The finest Japanese beef by the master at Kahyangan Restaurant.

Japanese Omi beef is on the list of must-eats for many culinary enthusiasts who have a passion for the art of fine cuisine. Last month, Kahyangan Restaurant at Pullman Jakarta Indonesia presented the Master of Omi Hime Beef, Chef Koushi Umemoto from Shiga Prefecture, Japan to showcased his master of authentic butchery techniques and craftsmanship.

Omi Hime Beef consistency resembles that of butter, and its intensity of flavor makes your mouth sweat. The cuts of beef from Black Japanese female cattle have been raised in Shiga Prefecture, in an environment surrounded by water and bountiful nature. Among many types of Japanese wagyu beef, Omi beef is the oldest one with over 400 years history, including being enjoyed by the shoguns of ancient Edo in a time when meat was rarely eaten in Japan. Omi beef is popular for the clean aftertaste of its marbled fatty meat since the cows are painstakingly raised that resulting in extremely delicious meat. The soft texture of Omi beef making it the ultimate luxurious meal that can only be found in Shiga.

As the Master of Omi Hime Beef, Chef Umemoto was born to an Omi Beef farmer family in Shiga Prefecture, Japan. He spent most of his teenage years to receive training in butchery, where he also got his master of butchery techniques and craftsmanship. He continues relentlessly to focus on developing menus of Omi Beef that showcases the unique character of the beef from the aroma, tenderness, and high degree of marbling.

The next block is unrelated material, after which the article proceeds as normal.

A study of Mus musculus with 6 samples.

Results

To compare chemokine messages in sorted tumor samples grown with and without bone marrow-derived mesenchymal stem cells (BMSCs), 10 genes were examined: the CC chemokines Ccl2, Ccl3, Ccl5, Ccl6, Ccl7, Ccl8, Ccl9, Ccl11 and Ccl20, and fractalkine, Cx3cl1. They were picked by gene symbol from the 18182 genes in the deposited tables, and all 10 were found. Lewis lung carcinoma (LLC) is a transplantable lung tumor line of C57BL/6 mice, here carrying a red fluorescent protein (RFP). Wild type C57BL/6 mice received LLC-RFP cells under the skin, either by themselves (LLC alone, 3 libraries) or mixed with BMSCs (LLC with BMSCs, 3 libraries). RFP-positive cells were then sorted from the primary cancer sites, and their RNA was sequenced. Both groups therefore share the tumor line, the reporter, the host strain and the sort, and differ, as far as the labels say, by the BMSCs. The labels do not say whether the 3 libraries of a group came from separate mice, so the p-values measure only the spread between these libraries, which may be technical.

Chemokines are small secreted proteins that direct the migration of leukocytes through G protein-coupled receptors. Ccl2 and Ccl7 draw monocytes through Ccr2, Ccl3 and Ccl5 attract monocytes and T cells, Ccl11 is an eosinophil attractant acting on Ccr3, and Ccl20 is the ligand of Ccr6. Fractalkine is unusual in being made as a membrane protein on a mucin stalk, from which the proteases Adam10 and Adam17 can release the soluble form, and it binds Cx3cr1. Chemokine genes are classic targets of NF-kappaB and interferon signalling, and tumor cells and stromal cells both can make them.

The captivating dining experience at Kahyangan Restaurant, which specially prepared by Chef Umemoto, presenting the best version of Japanese premium beef, Omi Hime in delectable set menu from Sukiyaki, Yakiniku to Shabu-Shabu, which includes Omi and Foie Gras Gyoza, Omi Hime Tataki, and Gobo Sasagaki Salad as the trio of appetisers, complete with Honeydew Melon Sago as the dessert.

In Shabu-Shabu, thinly sliced Omi beef is swished lightly in broth and dipped in ponzu dressing or goma sauce. The chef suggested that the Omi beef strips should be briefly cooked in a simmering broth preferable at medium-rare, however, many Japanese enjoy eating at rare or sometimes even raw.

Overall, the Omi beef flavour is a mouth-filling savouriness combined with a palate-coating richness, and the texture as tender as butter. It was an incredible experience to try the finest Japanese wagyu beef crafted by the master from its origin city.